Slim has been very involved in the reimbursement aspect as the SCCT representative to American Medical Association (AMA) CPT Paneland as part of the American College of Cardiology (ACC) Coding Task Force. He is also a member of the SCCT Board of Directors.
“A lot of us, when we went through medical school and residency, we did not get a lot of training or education on how do we get paid and how do we get reimbursement for a new technology,” Slim said. “In my session I wanted to demystify the process and help people understand how a new technology gets reimbursement.”
Having been involved in the process, he explains from experience how AMA CPT codes are developed, including the professional description of the services provided, the technical component to perform the service, and the gathering of clinical evidence to show why the procedure or technology should be funded based on improving patient outcomes.
He also explains the process and high importance of the of the Relative Value Scale Update Committee (RUC) survey, which is used to recommend relative value units (RVUs) to the Centers Medicare and Medicaid Services (CMS). Slim said the RUC survey is sent to providers to fill out so they can explain the workload involved in performing the exam or service. This provides a basis for the value sand resulting payment for the exam by CMS. This is the profession component of reimbursements. However, CMS reimbursements are often based on RUC surveys with very low numbers of responses because there is low interest in spending the time to fill out these involved documents.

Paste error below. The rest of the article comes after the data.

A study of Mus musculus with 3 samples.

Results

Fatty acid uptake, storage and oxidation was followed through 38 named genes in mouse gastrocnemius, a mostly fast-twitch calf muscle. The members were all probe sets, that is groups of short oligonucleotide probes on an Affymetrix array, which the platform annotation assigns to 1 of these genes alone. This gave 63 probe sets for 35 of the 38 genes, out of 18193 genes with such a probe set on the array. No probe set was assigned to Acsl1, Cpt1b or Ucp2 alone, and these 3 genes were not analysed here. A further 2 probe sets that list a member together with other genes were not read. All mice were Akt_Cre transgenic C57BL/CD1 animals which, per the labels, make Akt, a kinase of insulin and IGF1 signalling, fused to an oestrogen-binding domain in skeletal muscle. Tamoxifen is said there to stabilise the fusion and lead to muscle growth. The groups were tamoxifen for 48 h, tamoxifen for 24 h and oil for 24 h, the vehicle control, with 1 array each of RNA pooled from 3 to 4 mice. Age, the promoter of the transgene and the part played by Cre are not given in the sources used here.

The technical component of reimbursements includes the cost of the nurse, technologist, contrast and other factors and supplies needed to perform the exam.
The technical and the professional components can be combined into a global CPT bundled billing, or it can be separated. Slim said the professional component is often removed by hospitals when a study is being read by an outside radiologist or cardiologist, which would bill for the competent professional separately.
Unfortunately you learn all this on the job,” Slim explained. “That is a shortcoming for all of us. The societies and even medical schools do not provide classes to explain this.”
He said this has become an issue as reimbursements decline and it is clear more education is needed. “Regardless of all the advocacy efforts out there, it the basic members of the imaging societies don’t understand the parts they need to succeed, no matter how much how much you advocate, that success will not be reachable because the majority of people do not have the tools to do it right. This is an area where all medical schools and societies could do better.”
Slim said it is not just an issue about getting paid for services provided, it also impacts patient care if physicians do not understand the system or how to bill for it. “It’s not just self-fulfilling, as in if we don’t do it right we just wound get paid, it is also for the patient,” he explained. “If we don’t do it right, then patients will not get the procedures they need.”